New provisions in state’s DMV laws effective Friday


RALEIGH – Beginning Friday, July 1, five new motor vehicle provisions will become North Carolina law. The new provisions, passed by the N.C. General Assembly, affect either vehicles or drivers in the state. They include:

House Bill 148 requires registered mopeds to carry liability insurance. About 28,000 registered North Carolina moped owners are required to begin carrying liability insurance beginning July 1. Moped owners must provide the North Carolina Division of Motor Vehicles proof of liability insurance coverage from their insurance carrier. Once the insurance information is received, the Division will issue an updated registration card reflecting coverage. Owners can provide the information to their local license plate agency or their insurance company can submit it to DMV. Failure to provide proof of insurance to NCDMV will result in their license plate being revoked. The owners have received two letters from NCDMV since April alerting them about the new requirement.

House Bill 97 directs North Carolina vehicle owners to pay a late fee if their vehicle registration renewal is not paid by the expiration date. This new fee was passed by the General Assembly last September and requires one of three graduated late fees to be assessed on late renewals starting July 1. The late fees will be added beginning the first day of the month following the expiration date and total $15 if the registration has been expired for less than one month, and $20 if the registration has been expired for one month or greater, but less than two months. If the registration has been expired for two months or more, the late fee will be $25. The new fees apply to private passenger vehicles and to apportioned truck fleets registered under the International Registration Plan. Even though citizens can operate their vehicle up to 15 days after their registration has expired without being ticketed, they will be fined the late fee beginning the first day of the month after the registration expires.

Senate Bill 446 provides franchise vehicle dealers with a third option for providing a tag for loaner vehicles used while an owner’s vehicle is being serviced by the dealer. The new loaner plates are available to franchise dealers beginning July 1 at a cost of $200 each. There is no limit to the number of loaner plates available to the franchise dealer, and they are issued only through the Dealer Unit at NCDMV’s Raleigh Headquarters. Other options available for use by dealers during vehicle servicing are the 96-hour permit and the U-Drive-It plate. The new loaner plates are optional until December 31, 2018, when they become mandatory for all franchise dealers.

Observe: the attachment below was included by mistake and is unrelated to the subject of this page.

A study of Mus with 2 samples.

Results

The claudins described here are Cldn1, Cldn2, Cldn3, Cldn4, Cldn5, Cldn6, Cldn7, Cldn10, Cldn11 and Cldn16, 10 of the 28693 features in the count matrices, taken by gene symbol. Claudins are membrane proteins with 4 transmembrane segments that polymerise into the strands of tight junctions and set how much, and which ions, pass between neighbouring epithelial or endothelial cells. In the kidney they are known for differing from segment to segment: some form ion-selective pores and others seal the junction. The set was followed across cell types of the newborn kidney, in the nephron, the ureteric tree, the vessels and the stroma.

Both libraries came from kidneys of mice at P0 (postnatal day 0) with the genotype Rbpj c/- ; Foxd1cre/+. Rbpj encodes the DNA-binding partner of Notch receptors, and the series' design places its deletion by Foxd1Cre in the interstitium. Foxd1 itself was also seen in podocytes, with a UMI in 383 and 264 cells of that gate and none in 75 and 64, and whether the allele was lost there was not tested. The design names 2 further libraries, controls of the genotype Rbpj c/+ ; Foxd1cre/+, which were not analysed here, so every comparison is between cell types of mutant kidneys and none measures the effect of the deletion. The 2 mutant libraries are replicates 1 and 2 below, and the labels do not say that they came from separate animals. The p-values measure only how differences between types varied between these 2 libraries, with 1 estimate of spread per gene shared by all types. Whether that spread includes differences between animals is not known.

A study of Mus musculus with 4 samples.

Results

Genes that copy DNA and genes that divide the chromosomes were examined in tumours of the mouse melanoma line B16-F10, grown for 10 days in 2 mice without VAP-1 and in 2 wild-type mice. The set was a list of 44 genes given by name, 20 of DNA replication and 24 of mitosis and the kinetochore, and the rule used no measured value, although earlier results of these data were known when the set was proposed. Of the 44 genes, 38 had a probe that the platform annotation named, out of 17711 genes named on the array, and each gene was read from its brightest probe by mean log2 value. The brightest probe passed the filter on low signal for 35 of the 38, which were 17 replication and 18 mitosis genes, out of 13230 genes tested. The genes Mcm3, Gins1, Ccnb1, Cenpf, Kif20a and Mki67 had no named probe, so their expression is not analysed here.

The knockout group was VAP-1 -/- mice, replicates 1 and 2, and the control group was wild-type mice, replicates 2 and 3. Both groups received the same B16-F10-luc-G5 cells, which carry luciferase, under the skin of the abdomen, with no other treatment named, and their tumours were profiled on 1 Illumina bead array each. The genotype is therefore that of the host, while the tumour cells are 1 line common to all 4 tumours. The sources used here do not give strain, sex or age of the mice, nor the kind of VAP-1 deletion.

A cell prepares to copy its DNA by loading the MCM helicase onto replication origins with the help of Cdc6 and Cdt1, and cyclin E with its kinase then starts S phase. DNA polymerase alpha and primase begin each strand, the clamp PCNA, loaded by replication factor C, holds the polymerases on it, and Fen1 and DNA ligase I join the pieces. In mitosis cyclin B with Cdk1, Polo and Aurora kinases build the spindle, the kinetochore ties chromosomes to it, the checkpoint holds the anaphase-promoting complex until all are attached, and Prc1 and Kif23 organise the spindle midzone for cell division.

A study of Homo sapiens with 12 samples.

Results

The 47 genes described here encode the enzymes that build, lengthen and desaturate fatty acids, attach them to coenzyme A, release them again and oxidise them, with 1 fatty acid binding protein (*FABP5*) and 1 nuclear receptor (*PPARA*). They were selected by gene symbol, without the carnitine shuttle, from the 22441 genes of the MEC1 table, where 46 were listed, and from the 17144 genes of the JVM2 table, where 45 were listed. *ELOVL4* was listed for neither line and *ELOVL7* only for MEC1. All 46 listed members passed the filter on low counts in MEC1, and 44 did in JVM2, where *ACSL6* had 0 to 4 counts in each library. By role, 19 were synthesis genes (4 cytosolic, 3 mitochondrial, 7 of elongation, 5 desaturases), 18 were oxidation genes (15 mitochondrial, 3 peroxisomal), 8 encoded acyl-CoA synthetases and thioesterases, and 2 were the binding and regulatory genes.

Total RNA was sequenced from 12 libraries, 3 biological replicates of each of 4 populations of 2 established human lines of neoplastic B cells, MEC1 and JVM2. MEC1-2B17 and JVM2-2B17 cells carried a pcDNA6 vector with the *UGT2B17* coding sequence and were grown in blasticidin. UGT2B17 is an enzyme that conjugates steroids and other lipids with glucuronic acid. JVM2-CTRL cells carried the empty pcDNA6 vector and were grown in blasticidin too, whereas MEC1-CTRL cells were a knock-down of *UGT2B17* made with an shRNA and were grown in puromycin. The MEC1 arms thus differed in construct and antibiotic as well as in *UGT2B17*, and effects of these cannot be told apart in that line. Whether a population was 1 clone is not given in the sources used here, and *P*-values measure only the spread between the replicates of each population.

House Bill 434 states that medical recertification for renewals of windshield disability placards is not required if the person is certified by a physician as totally and permanently disabled. Beginning July 1, a person who has been certified by a physician as being totally and permanently disabled will not be required to be recertified every five years. The disability placard will still need to be renewed every five years without a physician’s recertification. Since May 23, 2016, new disability parking placards carry two expiration stickers affixed to the placards when they are issued. Temporary placards that are issued for a six-month period, and permanent placards that are issued for five years, are available from license plate agencies across the state.

Senate Bill 119 requires all individuals and lienholders who are normally engaged in financing motor vehicles, and who conduct at least five transactions annually, to use the electronic lien system to record information about the security interest in a vehicle. Beginning July 1, lienholders and individuals financing motor vehicles are required to use the electronic system. If a lienholder records three liens manually after this date, they will receive a notification letter from NCDMV advising that when five liens have been recorded, title services will be denied until they comply with the electronic requirements. A hold letter will be mailed to lienholders when five recorded liens are on file, specifying the vehicles affected, and advising that no future title services will be processed until they become an electronic lienholder.

House Bill 256 clarifies that a disability determination issued by the U.S. Department of Veterans Affairs may be used for medical certification and recertification requirements for handicapped parking placards.